Pisco


History

Grape vines were brought to South America by the Spanish conquistadores to make wine for themselves and also to export.  Pisco supposedly came about as a way for using leftover grapes that weren’t desirable for use in wine making.  Technically Pisco is a brandy that is made when fermented grape juice is distilled.

Several explanations have been offered for how this brandy received its name.  One explanation states that pisco is a word derived from pisqu, a Quechuan word, which was a bird from Peru’s Ica valley region.  Or it could have gotten its name from a town called Pisco, which is a port city close to the Nazca lines.  Pisco got shipped to Lima from here and was made popular by sailors as well.  The name may also come from big pre-Columbian clay pots named piscos.  These pots are used for fermenting grapes.

In Chile, they have been producing pisco for hundreds of years.  At one time the regions all belongs to one Spanish vice royalty.  This strong dispute over whether pisco is from Peru or Chile continues to the present day.

Production

Pisco is only made from specific grape varieties that are grown in certain designated Chile and Peru regions.  The grapes get fermented into wine before being distilled.  The liqueur that results is then aged for a brief time before being bottled.  Pisco, when made in Peru, is never diluted.  There are very specific and strict rules that govern its production in that country.  Pisco, when made in Chile, gets mixed with distilled water sometimes in order to reach an alcohol content that is desirable.

Pisco Brandy

Kinds of Pisco

Pisco comes in four different categories, and is made from seven different grape varieties. Only, non-aromatic, black grapes are used to make pisco puro.   They usually are the quebranta variety.  These grapes were the ones originally brought from Spain.  They changed supposedly and adapted to the new environment, which resulted in a taste that was unique.  Four or more aromatic and fruity varieties are used to make Pisco aromatico: torontal, albilla, italia or muscatal.   Pisco acholado is produced from a nonaromatic grape blend along with one or more varieties of aromatic grapes.  Partially fermented grapes are used to make Pisco mosto verde.  The varieties that are used the most for making pisco sours are pisco acholado and pico puro.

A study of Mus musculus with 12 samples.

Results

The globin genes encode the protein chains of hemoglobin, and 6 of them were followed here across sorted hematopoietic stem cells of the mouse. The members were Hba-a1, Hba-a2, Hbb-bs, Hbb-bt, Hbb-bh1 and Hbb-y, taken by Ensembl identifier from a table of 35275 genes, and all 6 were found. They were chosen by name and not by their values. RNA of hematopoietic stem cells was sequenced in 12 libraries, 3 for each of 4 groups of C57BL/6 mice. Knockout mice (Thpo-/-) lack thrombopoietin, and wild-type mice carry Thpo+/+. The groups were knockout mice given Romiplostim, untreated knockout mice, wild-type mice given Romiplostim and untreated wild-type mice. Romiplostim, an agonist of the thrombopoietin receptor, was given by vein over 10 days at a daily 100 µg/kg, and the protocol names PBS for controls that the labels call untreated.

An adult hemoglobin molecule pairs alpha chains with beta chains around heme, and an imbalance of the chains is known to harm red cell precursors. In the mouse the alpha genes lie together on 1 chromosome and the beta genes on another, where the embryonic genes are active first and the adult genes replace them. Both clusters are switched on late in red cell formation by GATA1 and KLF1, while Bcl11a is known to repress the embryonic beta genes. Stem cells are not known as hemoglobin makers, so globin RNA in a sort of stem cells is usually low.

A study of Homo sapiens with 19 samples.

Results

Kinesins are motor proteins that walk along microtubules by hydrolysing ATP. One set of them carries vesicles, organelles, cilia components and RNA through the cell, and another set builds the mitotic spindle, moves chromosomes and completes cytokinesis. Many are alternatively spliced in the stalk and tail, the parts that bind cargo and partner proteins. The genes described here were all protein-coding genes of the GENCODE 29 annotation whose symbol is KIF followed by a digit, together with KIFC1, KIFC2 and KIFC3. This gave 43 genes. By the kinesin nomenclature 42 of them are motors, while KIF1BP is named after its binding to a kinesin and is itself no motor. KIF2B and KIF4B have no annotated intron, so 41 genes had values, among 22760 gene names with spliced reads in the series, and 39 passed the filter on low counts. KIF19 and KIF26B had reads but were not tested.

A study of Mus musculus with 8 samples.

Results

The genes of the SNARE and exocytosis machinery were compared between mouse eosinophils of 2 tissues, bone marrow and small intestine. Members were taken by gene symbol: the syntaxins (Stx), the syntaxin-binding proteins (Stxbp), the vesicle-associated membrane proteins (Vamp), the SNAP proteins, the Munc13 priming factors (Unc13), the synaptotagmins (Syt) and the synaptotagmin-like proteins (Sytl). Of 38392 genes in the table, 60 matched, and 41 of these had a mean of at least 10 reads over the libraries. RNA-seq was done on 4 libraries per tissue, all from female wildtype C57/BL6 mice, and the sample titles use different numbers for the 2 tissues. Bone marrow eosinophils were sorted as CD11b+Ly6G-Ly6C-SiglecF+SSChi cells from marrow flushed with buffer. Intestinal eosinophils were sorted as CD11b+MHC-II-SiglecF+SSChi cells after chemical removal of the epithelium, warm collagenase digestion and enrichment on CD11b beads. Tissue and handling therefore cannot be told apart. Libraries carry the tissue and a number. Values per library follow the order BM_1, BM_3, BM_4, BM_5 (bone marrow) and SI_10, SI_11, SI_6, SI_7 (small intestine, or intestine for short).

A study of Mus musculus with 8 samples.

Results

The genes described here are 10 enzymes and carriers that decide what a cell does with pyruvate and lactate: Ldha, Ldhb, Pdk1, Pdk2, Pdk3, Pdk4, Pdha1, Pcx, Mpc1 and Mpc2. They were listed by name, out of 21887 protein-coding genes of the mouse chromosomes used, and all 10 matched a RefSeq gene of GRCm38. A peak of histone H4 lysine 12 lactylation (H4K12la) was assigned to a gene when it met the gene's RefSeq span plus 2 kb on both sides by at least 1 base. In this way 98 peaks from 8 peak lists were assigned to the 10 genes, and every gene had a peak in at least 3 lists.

Recipes

Pisco is used to make many different interesting cocktails.  Pisco does have quite a high alcohol content (it ranges from 60 proof to 100 proof).  However, it has a very smooth taste.  Many people enjoy drinking it straight.  First-time drinkers of Pisco are sometimes surprised by how potent it is, particularly when it’s blended in a cocktail.  One cocktail that is notoriously strong is the pisco sour.

Lima, Peru claims to have been the first to offer the pisco sour.  Victor Morris, a bartender from North America, is said to have invented the pisco sour at Morris Bar during the 1920’s.

The key ingredients, in addition to pisco, are Angostura bitters, an egg white and tart key limes.  Shaken over ice is the classic preparation.  However, it can be made frozen as well, with crushed ice in a blender.  When you pour a pisco sour into the glass, half an inch of foam at least on top should be egg white.  The bitters get sprinkled onto the foam. There are other kinds of classic pisco cocktails as well.  These include a creamy cocktail called the algarrobina, which is made from condensed milk and algarrobina syrup.   There is also the cola de mono (or monkey’s tail), which is a famous Christmas cocktail form Chile.  The chilcano is made with ginger ale and pisco.  New and trendy pisco are invented constantly.  Many use South American exotic tropical fruits.  Passion fruit juice is used to make Maracuya sours.  A tomatillo-like fruit is used to make the aguaymanto sour, which is a very popular cocktail.  Mango sours are very delicious and refreshing.